Discount retailer Dollar General Corp. (NYSE:DG) has been resilient over the past five years. Since going public near the end of the Great Recession in 2009, its stock has risen 140% from its IPO price of $21. The company, along with its industry peers Dollar Tree, Inc. (NASDAQ:DLTR) and Family Dollar Stores, Inc. (NYSE:FDO), have grown their top and bottom lines much more impressively than their superstore rivals Wal-Mart Stores, Inc. (NYSE:WMT) and Target Corporation (NYSE:TGT).
For its fourth quarter, Goodlettsville, TN-based Dollar General Corp. (NYSE:DG) earned $0.97 per share, or $317.4 million, up from the $0.85 per share, or $292.5 million, it reported in the prior year quarter. Revenue rose 0.5% to $4.21 billion.
Thomson Reuters analysts had forecast earnings of $0.90 per share on revenue of $4.26 billion. Although sales came in lighter than expected, Dollar General’s robust profit growth was enough to spur shares to rally nearly 6% during intraday trading after the company reported earnings on March 25.
Dollar General attributed its strong fourth quarter to strong demand for packaged food, cigarettes, and other products, even as worries regarding the payroll tax hike and tax refund delays undermined investor confidence in the retail sector. Even discount superstore Wal-Mart, once considered a recession-proof business, was taken down a notch after it reported lackluster earnings last month.
Dollar General Corp. (NYSE:DG) offers approximately 25% of its items at $1 or less, and charges less than $25 for most of its products.
During the quarter, the company reported stronger sales of soft drinks, snacks and frozen food. Demand for healthcare items also rose as a result of the flu season. Consumables such as food and medicine traditionally comprise more than 70% of Dollar General’s total sales.
Sales of consumables rose 1.8% to $3.04 billion, while seasonal products slid 2.7% to $639.6 million. Home products sales slid 3.2% to $288.7 million, while apparel sales also dropped 1.9% to $236.8 million.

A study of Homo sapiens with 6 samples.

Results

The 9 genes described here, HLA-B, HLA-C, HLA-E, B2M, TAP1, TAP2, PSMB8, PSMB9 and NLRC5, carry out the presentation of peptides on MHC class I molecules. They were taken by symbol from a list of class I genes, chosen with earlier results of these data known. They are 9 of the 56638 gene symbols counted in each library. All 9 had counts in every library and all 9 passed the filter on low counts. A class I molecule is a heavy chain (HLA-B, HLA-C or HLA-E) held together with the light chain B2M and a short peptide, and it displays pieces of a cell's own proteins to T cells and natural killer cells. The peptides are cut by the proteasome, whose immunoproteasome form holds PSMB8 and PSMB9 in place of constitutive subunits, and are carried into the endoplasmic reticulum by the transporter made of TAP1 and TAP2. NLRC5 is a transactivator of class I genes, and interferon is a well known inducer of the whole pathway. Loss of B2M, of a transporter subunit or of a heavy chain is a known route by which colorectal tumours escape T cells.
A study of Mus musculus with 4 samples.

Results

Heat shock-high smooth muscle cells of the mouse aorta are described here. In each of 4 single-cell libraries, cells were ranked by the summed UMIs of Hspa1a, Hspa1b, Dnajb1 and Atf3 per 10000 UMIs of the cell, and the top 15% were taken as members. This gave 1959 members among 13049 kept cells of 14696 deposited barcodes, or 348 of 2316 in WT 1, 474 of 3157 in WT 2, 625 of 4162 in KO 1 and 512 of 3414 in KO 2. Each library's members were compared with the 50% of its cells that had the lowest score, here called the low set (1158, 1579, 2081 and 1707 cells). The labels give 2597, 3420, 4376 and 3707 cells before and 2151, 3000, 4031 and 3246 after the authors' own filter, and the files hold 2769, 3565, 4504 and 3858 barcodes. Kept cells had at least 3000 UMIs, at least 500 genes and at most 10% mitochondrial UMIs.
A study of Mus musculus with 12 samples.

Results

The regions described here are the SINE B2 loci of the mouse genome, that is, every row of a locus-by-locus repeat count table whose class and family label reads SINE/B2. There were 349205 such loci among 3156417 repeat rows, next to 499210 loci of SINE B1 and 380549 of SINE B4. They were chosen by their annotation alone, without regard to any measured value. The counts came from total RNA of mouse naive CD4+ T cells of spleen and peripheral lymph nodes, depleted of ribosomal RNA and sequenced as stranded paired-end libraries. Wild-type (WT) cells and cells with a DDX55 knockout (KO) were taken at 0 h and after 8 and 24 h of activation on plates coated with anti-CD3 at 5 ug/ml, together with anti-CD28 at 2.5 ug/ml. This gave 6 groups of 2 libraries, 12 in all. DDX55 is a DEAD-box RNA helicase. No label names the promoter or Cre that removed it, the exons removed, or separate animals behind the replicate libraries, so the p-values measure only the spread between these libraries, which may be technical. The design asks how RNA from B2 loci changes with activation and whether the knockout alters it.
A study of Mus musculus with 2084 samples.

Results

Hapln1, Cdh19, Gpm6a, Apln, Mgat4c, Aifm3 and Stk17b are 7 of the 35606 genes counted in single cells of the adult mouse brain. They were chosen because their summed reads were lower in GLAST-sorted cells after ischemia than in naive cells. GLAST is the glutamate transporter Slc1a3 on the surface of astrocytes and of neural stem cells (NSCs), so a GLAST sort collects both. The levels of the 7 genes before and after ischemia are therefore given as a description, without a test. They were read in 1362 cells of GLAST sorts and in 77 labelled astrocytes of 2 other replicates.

In other words, Dollar General is posting strength where it matters the most, but reporting losses in other areas more impacted by macro economic woes. Its losses in other departments were caused by steeper discounts implemented to remain competitive with superstores such as Wal-Mart during the holiday season. Despite these discounts, the gross margin rose 30 basis points to 32.5%.
Dollar General Corp. (NYSE:DG) added more coolers to stock refrigerated and frozen goods, and started to sell tobacco products during the quarter.
Borrowing from the playbook of large grocers such as The Kroger Co. (NYSE:KR) and Safeway Inc. (NYSE:SWY), Dollar General is offering more of its own higher-margin private label products, which are sold at lower prices to consumers. The company has also increased the amount of branded goods, such as H.J. Heinz Company (NYSE:HNZ) ketchup and Tide detergent, it sells, in a bid to rival the selection of larger superstores.
Sales of tobacco products, which have started at select locations, also surged 33% higher than Dollar General Corp. (NYSE:DG)‘s own estimate. Strong demand for tobacco has helped grow revenue at the expense of margins, since tobacco products sell at lower margins. Sales of beer and wine also rose. The company considers this an area of potential growth, since 60% of its stores are located in areas where beer and wine sales are permitted, but only 40% of the locations have alcohol sales licenses.
Both store traffic and the average cost per transaction rose. Same-store sales rose 3.0%, easily topping the 1% that Wal-Mart reported in the fourth quarter, but missed the 3.6% analysts had been expecting.